In response to the sexual misconduct cases brought about members of the clergy both in the United States and around the world, the Archdiocese of Philadelphia has made the safety and security of their students its highest priority.
In all Archdiocesan efforts, the safety of children and help for victims are paramount.
All priests and deacons, as well as parish staff, teachers and volunteers in the Archdiocese of Philadelphia who have regular contact with children must attend Safe Environment Training. This provides a greater understanding of adults’ roles as protectors of children, models of appropriate behavior and advocates for those who are most vulnerable.
To date, over 50,000 individuals have participated in Safe Environment Training. In addition, almost 110,000 young people have received grade-appropriate lessons concerning personal boundaries and healthy relationships.
The Archdiocese established a Victims Assistance Coordinators Program where coordinators are licensed professionals who respond with appropriate care to those victimized by sexual abuse.
A Safe Environment
- Creating a Network of Prevention and Protection
- La Creación De Una Red De Prevención Y Protección
- Brochure for Parents (Information about Student Education Program)
- Parent Handbook (Practical Advice for Parents)
- Teaching Touching Safety (Guide for Parents)
- Article for Parents (Pornography: Having the Conversation with Your Child)
- Reporting Suspected Child Abuse Brochure
- Safe Environment Education
- Keeping Kids Safer on the Internet: Tips for Parents and Guardians
Safe Environment Education for Elementary Students- Teaching Touching Safety
Lessons are taught two times in the school year with one lesson in December and the other in the spring. Parents will be informed of the date of this instruction by the local school principal.
Safe Environment Education Information for Secondary School Students
The Charter for the Protection of Children and Young People of the United States Conference of Catholic Bishops calls on Dioceses across this nation to “maintain safe environment programs which the diocesan bishop deems in accord with Catholic moral principles.” In the Archdiocese of Philadelphia, a program titled “Called to Protect for Youth” developed by Presidium Inc. along with a program developed by the Office of Child and Youth Protection titled “The Gift of Innocence” have been selected as the educational programs for our high schools students. Praesidium Inc. is an organization that focuses on risk management. Additional information on Praesidium can be found on the web at www.praesidiuminc.com .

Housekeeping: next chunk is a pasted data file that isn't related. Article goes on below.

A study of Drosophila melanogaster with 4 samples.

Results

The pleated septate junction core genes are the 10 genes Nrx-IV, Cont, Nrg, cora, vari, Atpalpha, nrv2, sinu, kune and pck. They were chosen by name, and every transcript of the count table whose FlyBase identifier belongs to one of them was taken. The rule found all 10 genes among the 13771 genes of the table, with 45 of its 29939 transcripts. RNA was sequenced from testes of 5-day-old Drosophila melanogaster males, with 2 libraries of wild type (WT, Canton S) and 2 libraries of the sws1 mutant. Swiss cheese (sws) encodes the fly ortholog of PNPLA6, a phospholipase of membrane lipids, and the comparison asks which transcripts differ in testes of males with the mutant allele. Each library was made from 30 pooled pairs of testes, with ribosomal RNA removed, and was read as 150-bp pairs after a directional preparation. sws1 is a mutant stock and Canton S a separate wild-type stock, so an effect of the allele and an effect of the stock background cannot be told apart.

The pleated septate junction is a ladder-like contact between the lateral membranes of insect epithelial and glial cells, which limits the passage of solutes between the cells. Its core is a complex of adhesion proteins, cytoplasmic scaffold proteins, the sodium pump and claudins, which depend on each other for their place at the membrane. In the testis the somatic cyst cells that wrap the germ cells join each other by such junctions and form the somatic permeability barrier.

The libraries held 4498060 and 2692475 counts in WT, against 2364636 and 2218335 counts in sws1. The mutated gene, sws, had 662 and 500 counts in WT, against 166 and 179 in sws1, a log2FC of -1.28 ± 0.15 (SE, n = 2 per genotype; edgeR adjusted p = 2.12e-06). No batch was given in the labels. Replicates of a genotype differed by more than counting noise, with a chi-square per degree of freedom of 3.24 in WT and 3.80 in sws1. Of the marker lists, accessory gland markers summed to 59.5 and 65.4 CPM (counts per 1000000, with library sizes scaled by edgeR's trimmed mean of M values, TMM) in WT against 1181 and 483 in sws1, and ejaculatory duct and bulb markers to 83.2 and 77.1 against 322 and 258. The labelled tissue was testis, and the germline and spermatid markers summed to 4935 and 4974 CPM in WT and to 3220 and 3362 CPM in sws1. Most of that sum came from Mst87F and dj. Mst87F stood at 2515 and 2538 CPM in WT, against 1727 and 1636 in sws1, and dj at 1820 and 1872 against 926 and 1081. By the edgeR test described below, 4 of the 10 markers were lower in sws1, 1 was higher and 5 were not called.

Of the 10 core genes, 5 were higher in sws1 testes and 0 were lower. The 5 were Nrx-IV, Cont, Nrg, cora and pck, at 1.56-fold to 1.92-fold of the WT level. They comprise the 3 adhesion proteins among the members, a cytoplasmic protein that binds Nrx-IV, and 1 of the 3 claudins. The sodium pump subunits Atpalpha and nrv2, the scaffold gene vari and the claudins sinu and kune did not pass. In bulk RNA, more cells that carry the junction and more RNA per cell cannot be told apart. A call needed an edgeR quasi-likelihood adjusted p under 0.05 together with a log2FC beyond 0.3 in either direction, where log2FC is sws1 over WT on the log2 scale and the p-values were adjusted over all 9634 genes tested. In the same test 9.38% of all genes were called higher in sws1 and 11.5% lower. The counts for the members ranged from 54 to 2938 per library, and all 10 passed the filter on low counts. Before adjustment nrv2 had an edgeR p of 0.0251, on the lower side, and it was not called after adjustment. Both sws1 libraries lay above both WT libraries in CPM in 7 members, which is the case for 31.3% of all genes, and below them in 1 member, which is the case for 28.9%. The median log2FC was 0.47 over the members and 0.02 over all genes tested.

The Office of Catholic Education has designated religious education teachers to instruct these lessons once a year. The school is required to provide notification to the parent of the date when the lessons will be taught. As a parent you have the right to withdraw your child from these lessons. The curriculum for each high school level is highlighted below.
Students will view “The Gift of Innocence “which is a 20 minute video and guided discussion which addressees the issues of sexual violence and why teens do not come forward to report or seek assistance. The video discusses sexual violence from a religious, legal and victim perspective and encourages teens to seek assistance. Students will learn:
- Sexual violence is a crime;
- Sexual violence is never the victims fault;
- Sexual violence is the offender’s fault; and
- The victim’s dignity as a person is never diminished in the eyes of God.
Sophomore, Junior and Senior Year
Students will view one of the three lessons in the “Called to Protect for Youth” curriculum created by Praesidium. The videos and lessons provide information on the three types of boundaries that child molesters try to violate. These are the physical, emotional and behavioral boundaries. Students will learn:
- To define and identify the three types of personal boundaries.
- That most adults in their life care about them and want the best for them
- Ways to respond if someone tries to violate their personal boundaries.
- To identify who they could tell if someone is sexually abusing them or someone they know.
- The importance of disclosing abuse. Students are told that if someone is abusing them or someone they know, that the students need to tell an adult, whom they trust, about this abuse.